New digital narrative tells story of a ‘Girl’s Journey to Ecuador’ and flight from Nazi Germany

Contact: Sara Volmering

A new interactive digital narrative tells the story of Ina Juretschke, who lived in Ecuador for one year as a refugee fleeing Nazi Germany before emigrating to the United States with her family.

KALAMAZOO, Mich.—What started as dusty boxes of slides and photographs has become an interactive digital narrative documenting one family’s flight from Nazi Germany to Ecuador and life during an under-documented period in Ecuadorian history.

Dr. Ann Miles, director of the Western Michigan University Center for the Humanities and professor of anthropology, and Amy Bocko, associate professor and digital projects librarian, collaborated to tell the story of Ina Juretschke, who fled Nazi Germany with her family in 1939 and lived in Ecuador for a year while waiting to emigrate to the United States. Juretschke currently lives in Kalamazoo.

Ina’s father, Alfred, was an avid hobbyist photographer and thoroughly documented their journey. In 2018, the Juretschke family approached Miles for her help in sending the family’s boxes of slides and photographs to Ecuador.

“I’ve worked in Ecuador for over 30 years, so I’ve seen a lot of changes over that period,” Miles says. “They were remarkable photographs of a very different place and time.”

Upon reviewing the artifacts and hearing Juretschke’s story, Miles found significant potential for a project to document and tell the story of their journey from Germany to Ecuador. “I had these two very remarkable things: notable artifacts and photographs and a compelling family story.”

“[Ina] is so full of life. She's so full of optimism toward the world and her experiences in them. I just really enjoyed getting to know her,” Miles says.

Miles connected with Bocko to find the best way to exhibit the artifacts in a digital medium. Using an open-source digital humanities platform called Scaler, Bocko and Miles created a digital “storybook” that combines digitized photos, slides, narratives and video interviews that tell the Juretschke’s family story.

Bocko worked with library staff and students to digitize the artifacts and built the archive in Scaler, while Miles conducted interviews with Juretschke and extensive research to add more context to her story.

“I tried to put together some history behind every part of Ina’s journey, starting in Germany with the free thinkers through leaving [Ecuador] to give the deeper historical context,” says Miles.

“One of the things that made her family so unique, I think, is that while they were Jewish by heritage, when they came to Ecuador, they didn't fit immediately into the Jewish community because they were Freethinkers,” Miles says. “They were culturally German and Jewish but not religious. They had this in-between kind of life where they didn't fit immediately into the Jewish refugee community.”

The Freethinkers were one of several secularist movements in Germany and encouraged “thinking for oneself and not adhering to the ways that authorities, religious or State, would tell one to think,” according to Miles’ research.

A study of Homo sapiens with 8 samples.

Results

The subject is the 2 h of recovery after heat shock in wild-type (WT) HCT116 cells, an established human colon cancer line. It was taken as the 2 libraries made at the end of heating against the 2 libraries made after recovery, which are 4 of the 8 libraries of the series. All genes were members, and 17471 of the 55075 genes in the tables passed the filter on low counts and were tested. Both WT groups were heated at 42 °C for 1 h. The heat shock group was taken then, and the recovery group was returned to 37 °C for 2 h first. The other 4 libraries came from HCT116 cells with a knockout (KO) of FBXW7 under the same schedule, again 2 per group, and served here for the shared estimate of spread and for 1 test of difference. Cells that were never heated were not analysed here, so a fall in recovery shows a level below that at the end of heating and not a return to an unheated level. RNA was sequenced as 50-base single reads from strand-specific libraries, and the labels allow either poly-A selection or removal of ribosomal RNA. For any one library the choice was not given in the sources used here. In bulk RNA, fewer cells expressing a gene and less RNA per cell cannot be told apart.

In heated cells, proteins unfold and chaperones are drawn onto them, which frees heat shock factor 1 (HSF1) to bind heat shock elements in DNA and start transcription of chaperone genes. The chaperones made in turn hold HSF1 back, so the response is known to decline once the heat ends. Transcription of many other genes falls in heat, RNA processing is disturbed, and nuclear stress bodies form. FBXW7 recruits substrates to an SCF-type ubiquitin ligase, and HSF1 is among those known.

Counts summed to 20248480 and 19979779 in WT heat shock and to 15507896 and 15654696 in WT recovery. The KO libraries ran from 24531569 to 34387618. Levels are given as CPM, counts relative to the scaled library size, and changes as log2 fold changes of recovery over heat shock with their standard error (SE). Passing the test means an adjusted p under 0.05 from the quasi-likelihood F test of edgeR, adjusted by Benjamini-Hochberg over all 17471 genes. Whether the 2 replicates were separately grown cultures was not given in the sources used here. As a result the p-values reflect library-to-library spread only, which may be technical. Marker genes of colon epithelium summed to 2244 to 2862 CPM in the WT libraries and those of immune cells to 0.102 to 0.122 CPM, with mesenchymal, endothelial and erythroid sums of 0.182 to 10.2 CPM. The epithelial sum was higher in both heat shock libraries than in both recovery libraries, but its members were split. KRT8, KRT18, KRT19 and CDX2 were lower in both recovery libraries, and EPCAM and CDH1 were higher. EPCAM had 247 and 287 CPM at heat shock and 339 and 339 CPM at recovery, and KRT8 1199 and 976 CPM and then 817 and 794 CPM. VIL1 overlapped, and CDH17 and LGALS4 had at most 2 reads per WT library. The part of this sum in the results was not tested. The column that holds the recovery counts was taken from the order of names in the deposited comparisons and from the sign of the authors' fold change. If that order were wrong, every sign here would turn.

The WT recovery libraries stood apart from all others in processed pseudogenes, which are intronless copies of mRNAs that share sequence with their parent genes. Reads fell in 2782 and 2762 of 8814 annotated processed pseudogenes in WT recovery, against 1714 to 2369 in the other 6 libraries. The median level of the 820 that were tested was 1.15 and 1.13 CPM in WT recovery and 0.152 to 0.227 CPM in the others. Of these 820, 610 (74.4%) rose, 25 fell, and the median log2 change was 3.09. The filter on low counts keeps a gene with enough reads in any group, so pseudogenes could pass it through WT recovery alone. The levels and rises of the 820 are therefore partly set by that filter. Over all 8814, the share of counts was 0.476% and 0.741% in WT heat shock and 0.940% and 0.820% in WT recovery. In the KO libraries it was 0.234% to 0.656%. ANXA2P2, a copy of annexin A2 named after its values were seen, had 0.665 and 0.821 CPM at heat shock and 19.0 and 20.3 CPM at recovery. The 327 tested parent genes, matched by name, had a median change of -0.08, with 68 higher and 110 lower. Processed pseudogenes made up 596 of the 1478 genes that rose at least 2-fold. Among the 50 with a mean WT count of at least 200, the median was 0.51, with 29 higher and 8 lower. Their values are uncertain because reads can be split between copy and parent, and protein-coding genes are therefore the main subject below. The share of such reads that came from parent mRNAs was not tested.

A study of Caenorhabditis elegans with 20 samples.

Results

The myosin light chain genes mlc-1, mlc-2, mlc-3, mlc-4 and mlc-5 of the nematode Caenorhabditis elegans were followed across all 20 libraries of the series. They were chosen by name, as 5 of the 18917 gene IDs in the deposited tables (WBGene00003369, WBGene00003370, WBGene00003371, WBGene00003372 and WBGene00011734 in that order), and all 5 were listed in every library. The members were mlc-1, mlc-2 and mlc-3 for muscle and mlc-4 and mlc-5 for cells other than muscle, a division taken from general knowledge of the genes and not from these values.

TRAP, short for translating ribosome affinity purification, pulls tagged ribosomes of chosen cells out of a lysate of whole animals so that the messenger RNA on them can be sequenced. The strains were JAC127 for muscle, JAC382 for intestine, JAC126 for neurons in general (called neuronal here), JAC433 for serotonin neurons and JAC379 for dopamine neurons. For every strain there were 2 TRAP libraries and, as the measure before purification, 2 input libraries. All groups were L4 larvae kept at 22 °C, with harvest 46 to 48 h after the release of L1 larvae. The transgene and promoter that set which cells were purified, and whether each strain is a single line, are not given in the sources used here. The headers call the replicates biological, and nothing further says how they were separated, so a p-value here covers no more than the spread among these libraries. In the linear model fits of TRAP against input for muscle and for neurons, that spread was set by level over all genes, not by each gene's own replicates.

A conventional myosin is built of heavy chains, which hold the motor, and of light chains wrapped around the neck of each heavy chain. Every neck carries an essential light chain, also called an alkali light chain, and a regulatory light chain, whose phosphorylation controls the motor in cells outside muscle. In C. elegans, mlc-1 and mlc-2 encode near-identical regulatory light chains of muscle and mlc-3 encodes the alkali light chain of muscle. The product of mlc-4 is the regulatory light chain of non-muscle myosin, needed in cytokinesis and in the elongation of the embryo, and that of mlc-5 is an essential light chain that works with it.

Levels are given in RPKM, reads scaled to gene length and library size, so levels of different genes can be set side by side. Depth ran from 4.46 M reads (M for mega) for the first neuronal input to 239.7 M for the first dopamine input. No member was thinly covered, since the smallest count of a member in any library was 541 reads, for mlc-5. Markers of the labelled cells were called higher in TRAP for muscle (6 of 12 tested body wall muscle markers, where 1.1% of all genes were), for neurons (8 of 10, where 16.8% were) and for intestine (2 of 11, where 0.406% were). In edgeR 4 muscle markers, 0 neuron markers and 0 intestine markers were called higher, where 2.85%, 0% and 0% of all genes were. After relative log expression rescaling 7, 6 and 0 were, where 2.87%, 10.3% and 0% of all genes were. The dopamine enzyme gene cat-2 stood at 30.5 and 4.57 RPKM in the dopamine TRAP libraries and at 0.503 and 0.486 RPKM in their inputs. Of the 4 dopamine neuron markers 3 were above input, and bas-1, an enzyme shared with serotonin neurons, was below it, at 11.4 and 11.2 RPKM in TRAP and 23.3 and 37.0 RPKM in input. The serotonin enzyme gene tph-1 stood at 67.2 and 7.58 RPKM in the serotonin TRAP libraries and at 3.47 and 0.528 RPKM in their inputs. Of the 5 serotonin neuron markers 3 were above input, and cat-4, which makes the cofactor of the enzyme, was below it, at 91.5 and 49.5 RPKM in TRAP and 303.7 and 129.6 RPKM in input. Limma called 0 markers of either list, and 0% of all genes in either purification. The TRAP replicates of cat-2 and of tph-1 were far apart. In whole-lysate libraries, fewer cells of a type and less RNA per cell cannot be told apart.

“[Ina] was different in Germany because she was Jewish, but a Freethinker. Different in Ecuador, because she was a white person, a little blonde girl. And then she comes to the U.S., and she's a German girl at a time when being German wasn't a good thing. Trying to capture that sense of her life, and her curiosity for it, was one of my goals,” Miles says.

“From a scholarly and academic stance, it’s very fascinating and depicts a very specific time in history—something that was also under-documented is Ecuador in the late 1930s,” says Bocko. “But it was also a really important piece of history for their family.”

Ina’s daughter, Julie Sokolow, was also involved in the project, helping not only to coordinate the recordings with her mother but providing insight into her family’s history.

“This isn't just an academic project. This is important family history. This is something that's tangible for their family that now they can share,” Bocko said. “I thought it was a nice kind of moment that this mother and daughter were both involved in preserving this family history.”

Now that the digital project is complete, Miles’ goal is to bring the slides to Ecuador and deliver them to a historian colleague, so they are “repatriated” to their place of origin.

This project may also serve as inspiration for students and scholars to create digital humanities projects.  Bocko has helped the Center for the Humanities by providing training and sharing her expertise on the potential for scholarship in digital humanities.

“The Center for the Humanities is incredibly grateful and thankful that we have Amy. She is really going to help us explore the possibilities of digital humanities,” Miles said. “We’re now at the next step of training people to learn the basics so that they can start projects of their own.”

View “A Girl’s Journey to Ecuador” and learn more about digital humanities services from the University Libraries.

For more WMU news, arts and events, visit WMU News online.